Killer ChAraCter HOSES almost all versions of Reader, Windows
Google Project Zero bod drops 15 remote code execution holes
Get patching: Google Project Zero hacker Mateusz Jurczyk has dropped 15 remote code execution vulnerabilities, including a single devastating hack against Adobe Reader and Windows he reckons beats all exploit defences.
The accomplished offensive security researcher (@j00ru) presented findings at the Recon security conference this month under the title One font vulnerability to rule them all: A story of cross-software ownage, shared codebases and advanced exploitation [PDF ] without much fanfare and published a video demonstration of the exploit overnight.
The nastiest vulnerabilities for 32-bit (CVE-2015-3052) and 64-bit (CVE-2015-0093) systems exist in the Adobe Type Manager Font Driver (ATMFD.dll) module which has supported Type 1 and Type 2 fonts in the Windows kernel since Windows NT 4.0
Jurczyk says his 'entirely reliable' BLEND instruction exploits relate to the handling of CharStrings that are responsible for drawing the shape of each glyph at a particular point size.
"The exploit defeats all modern user and kernel-mode exploit mitigations, with the only non-fully deterministic step being kernel pool spraying [that is] working with 100 percent reliability in the tested environments," Jurczyk says.
"The video demonstrates reliable exploitation of a vulnerability in the handling of the BLEND instruction in Type 1 fonts, used in two stages to first achieve arbitrary code execution in Adobe Reader 11.0.10, and further escape the sandbox and elevate privileges to System by attacking the Adobe Type Manager Font Driver in the Windows 8.1 Update 1 32-bit (or 64-bit) kernel."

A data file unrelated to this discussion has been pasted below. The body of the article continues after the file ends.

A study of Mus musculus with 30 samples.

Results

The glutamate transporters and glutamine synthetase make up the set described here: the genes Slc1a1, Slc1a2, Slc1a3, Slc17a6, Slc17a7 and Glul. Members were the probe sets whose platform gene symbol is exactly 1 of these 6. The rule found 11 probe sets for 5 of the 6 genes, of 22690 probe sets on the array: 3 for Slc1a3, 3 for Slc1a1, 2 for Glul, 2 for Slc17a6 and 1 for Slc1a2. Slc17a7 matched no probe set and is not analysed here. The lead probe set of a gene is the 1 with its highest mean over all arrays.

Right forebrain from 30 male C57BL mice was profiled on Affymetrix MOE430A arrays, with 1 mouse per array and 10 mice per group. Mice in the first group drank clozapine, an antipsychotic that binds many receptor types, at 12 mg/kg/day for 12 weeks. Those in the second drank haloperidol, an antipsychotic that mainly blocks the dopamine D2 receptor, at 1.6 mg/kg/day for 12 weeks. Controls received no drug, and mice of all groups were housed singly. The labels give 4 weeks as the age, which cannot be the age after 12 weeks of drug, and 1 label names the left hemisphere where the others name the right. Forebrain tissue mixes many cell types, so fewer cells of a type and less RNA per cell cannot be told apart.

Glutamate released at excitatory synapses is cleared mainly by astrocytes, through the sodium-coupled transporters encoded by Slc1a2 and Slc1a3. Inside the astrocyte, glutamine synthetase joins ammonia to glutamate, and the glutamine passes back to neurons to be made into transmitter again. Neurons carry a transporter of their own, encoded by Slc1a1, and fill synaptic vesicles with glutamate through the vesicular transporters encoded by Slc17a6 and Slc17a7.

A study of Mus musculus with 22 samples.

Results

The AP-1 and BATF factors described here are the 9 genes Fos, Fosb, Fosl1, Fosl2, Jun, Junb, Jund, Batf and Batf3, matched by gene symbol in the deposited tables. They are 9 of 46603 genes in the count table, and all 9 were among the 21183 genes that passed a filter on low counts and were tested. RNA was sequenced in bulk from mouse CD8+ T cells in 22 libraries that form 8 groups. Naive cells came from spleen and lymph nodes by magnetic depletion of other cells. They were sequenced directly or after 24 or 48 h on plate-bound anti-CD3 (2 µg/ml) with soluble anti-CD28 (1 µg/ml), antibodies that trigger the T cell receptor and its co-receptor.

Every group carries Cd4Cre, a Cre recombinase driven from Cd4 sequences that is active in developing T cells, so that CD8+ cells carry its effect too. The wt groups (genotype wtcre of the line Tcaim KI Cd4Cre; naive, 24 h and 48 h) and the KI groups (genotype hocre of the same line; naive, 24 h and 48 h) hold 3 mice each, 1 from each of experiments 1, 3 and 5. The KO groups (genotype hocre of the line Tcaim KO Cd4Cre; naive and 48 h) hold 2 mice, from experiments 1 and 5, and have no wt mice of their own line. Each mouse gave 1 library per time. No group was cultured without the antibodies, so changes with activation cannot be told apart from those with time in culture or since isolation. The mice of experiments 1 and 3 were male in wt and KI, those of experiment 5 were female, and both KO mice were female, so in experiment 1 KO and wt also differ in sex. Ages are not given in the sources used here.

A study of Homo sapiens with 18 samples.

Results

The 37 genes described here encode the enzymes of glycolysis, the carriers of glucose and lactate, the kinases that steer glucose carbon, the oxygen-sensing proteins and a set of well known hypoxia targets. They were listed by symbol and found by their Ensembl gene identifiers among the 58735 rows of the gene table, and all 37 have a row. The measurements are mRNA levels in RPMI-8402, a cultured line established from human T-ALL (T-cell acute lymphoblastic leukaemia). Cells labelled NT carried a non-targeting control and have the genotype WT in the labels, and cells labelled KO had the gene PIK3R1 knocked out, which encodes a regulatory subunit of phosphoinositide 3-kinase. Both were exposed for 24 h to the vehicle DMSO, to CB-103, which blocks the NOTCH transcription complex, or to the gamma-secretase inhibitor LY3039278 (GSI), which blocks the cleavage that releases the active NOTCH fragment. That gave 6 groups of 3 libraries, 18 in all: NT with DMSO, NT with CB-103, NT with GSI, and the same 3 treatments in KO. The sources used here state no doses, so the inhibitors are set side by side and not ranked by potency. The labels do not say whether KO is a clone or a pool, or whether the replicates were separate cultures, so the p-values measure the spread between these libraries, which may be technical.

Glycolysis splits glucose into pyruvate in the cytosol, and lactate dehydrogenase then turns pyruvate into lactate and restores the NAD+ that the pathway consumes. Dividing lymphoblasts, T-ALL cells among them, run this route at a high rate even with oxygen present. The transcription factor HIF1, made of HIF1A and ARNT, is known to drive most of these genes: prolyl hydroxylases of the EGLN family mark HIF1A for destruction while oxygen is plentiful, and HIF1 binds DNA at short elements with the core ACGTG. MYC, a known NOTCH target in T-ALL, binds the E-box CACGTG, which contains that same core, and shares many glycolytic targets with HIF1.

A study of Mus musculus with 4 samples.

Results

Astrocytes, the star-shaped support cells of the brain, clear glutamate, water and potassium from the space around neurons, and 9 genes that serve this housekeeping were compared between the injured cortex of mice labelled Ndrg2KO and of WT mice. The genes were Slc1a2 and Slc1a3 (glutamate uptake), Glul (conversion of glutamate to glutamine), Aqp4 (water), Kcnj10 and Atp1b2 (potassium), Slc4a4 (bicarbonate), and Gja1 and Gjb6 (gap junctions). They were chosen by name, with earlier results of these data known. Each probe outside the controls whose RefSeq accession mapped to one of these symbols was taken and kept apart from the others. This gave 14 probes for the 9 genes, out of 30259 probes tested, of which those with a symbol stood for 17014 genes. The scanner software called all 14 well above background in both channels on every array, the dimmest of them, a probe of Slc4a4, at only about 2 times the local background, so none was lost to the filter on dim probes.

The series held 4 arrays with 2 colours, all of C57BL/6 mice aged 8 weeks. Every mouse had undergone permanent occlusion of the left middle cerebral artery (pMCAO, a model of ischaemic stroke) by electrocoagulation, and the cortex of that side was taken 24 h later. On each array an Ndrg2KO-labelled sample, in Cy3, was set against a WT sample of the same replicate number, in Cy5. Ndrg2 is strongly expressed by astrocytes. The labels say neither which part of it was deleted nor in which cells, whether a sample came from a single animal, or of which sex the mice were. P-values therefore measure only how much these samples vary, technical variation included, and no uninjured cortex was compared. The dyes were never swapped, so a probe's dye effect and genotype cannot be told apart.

A summary of Jurczyk's carnage. Click here to embiggen.
Any of the 15 vulnerabilities Jurczyk pulled from this old but seemingly unexplored area could trigger remote code execution or privilege escalation in Adobe Reader or the Windows kernel.
@j00ru did you just.nonchalantly drop 15 CVEs in a single blogpost..?— Sergiusz Bazański (@q3k) June 24, 2015
The BLEND exploit stands out as one of the hacker's most interesting finds in his career, in that it allowed attackers to generate a return-oriented programming chain leading to total system compromise against all versions of Adobe Reader and Windows.
"The extremely powerful primitive provided by the vulnerability - together with the fact that it affected all supported versions of both Adobe Reader and Microsoft Windows thus making it possible to create an exploit chain leading to a full system compromise with just a single bug – makes it one of the most interesting security issues I have discovered so far," he says .
The hack is made successful on 64-bit builds thanks to the addition of a separate CharString vulnerability (CVE-2015-0090) Jurczyk found from his research. ®
Sponsored: Fast data protection ROI?